We had a new word of the week for the stock and bond markets. The word was “taper,” not to be confused with “tapir,” a tropical animal with short legs and a long tongue.
Taper became a favorite word in the comments of market analysts, as they guessed what the Federal Reserve was going to do at its eighth meeting of the year. The meeting is limited to seven members of the Fed’s board of governors, known as the FOMC, the Federal Reserve Open Market Committee. As I’ve mentioned before, the meeting was front and center when interest rates were discussed.
There were two competing notions of what the Fed might do at last week’s meeting. The “hawks,” we might call them, were worried that a continuation of low interest rates would lead to inflation. Their argument was that the economy was doing fine on its own without the help of historically low rates. On the other hand, the “doves,” who were opposed to the idea of higher rates, wanted the discount rate to stay where it was. So in the days before the Federal Reserve Open Market Committee meeting, you couldn’t avoid hearing an opinion about what the Fed might, or should, do about rates.
When the Fed’s decision was announced, it seemed to surprise both sides. About 18 months ago, the Open Market Committee decided that the economy needed a boost, and as a result the discount rate was lowered to close to zero. Of course, you and I can’t borrow at no charge, but the discount rate influences lenders of all kinds.
What the Fed did to keep rates low was also kind of unusual. They bought $85 billion worth of “Treasurys, mortgage-backed securities, loans, coins, buildings and other assets,” according to The Wall Street Journal. Well, 18 months of buying all those assets has resulted in a towering $4 trillion portfolio held by the Fed.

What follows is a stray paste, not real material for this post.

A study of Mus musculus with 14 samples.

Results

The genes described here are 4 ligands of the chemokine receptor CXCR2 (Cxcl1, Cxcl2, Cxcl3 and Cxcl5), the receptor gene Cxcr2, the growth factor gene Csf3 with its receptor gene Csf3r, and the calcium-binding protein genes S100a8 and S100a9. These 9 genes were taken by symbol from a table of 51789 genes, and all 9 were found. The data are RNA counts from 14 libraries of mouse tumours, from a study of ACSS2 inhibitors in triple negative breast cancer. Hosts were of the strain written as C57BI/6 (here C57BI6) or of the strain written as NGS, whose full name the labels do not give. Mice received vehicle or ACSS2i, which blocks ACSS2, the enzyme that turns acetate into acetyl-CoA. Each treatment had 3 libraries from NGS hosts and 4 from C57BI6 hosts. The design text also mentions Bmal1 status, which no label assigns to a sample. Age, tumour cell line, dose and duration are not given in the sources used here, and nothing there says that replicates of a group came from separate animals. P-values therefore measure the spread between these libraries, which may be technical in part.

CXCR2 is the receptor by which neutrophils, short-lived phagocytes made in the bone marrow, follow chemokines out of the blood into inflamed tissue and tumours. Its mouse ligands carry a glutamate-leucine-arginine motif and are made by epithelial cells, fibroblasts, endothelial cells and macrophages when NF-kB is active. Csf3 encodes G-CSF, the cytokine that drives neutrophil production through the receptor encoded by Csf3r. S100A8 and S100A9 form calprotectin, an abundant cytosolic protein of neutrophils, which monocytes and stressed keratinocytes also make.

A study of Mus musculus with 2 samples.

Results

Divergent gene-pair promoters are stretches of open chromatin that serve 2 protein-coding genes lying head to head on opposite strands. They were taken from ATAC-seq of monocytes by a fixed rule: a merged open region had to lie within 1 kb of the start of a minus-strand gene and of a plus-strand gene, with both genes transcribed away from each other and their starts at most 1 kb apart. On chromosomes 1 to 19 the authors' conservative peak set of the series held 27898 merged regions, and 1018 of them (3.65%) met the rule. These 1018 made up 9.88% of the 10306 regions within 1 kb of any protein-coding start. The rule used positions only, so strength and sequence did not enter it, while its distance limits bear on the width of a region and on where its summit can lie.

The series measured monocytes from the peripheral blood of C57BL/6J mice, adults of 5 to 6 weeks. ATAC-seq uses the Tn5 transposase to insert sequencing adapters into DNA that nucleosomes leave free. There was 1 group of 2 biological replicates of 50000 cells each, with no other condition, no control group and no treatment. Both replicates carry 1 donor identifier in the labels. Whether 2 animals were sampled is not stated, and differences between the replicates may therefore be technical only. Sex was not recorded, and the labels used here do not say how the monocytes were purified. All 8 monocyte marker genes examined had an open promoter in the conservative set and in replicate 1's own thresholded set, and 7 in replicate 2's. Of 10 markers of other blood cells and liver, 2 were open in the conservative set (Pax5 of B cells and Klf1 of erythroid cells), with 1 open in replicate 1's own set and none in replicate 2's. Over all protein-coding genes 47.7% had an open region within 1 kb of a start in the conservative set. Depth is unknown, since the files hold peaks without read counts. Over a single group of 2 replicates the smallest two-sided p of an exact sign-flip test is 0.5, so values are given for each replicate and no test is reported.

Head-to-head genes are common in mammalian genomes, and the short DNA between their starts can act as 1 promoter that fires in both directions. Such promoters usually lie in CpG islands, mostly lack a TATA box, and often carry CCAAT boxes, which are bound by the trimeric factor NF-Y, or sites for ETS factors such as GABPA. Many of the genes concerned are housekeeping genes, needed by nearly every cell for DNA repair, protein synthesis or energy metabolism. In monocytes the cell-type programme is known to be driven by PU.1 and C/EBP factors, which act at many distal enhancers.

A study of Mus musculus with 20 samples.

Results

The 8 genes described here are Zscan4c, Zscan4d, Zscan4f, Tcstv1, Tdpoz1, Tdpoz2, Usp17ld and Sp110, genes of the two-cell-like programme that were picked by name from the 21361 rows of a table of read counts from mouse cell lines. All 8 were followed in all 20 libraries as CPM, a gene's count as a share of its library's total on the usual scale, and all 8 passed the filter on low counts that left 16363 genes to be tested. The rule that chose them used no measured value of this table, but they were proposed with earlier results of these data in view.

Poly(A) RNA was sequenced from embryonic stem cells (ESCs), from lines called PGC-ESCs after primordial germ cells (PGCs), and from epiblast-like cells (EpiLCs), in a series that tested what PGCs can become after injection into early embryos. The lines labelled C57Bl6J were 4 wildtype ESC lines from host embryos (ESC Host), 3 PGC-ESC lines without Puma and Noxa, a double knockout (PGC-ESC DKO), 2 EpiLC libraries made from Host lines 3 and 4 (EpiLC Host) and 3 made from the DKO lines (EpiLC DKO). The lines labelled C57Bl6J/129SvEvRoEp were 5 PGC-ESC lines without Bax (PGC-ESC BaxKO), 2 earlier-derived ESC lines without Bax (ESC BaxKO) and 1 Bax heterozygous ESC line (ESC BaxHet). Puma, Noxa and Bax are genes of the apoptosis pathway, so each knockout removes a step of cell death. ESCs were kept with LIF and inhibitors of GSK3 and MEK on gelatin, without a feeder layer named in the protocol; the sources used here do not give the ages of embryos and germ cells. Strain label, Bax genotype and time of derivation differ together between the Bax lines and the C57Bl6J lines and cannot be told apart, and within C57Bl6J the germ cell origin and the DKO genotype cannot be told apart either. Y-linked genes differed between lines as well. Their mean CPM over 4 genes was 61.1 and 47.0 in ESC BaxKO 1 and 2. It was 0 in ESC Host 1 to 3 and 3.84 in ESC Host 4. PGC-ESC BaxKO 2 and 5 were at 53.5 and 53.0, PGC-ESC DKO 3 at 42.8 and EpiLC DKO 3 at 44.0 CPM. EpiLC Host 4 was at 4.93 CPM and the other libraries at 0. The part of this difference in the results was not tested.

Their primary concern was to revive the entire economy with a focus on the housing market. Their strategy seemed to have worked, at least to some extent.
So, with the housing market humming along, and the economy in better shape than it was when the bond-buying started, why does the Fed need to stick to its strategy? Here’s where the “taper” comes along.
The Fed’s announcement after its meeting was what is often called a “Goldilocks” decision. They held rates low, which pleased the “doves,” but in decreasing their monthly purchases, they were probably allowing rates to rise on their own. What surprised some observers, including yours truly, was how strong the stock market was in the days after the nondecision decision.
For years, I misjudged the effect of events on the stock market. I guess it happened again last week, as the market defied gravity and kept rising. I confess that my “learning curve” tilts in the wrong direction. I shouldn’t feel bad, since hardly anyone on TV’s stock market shows gets it right consistently. So there.
Bud Stevenson, a retired stockbroker, lives in Fairfield. Reach him at Bsteven254@aol.com.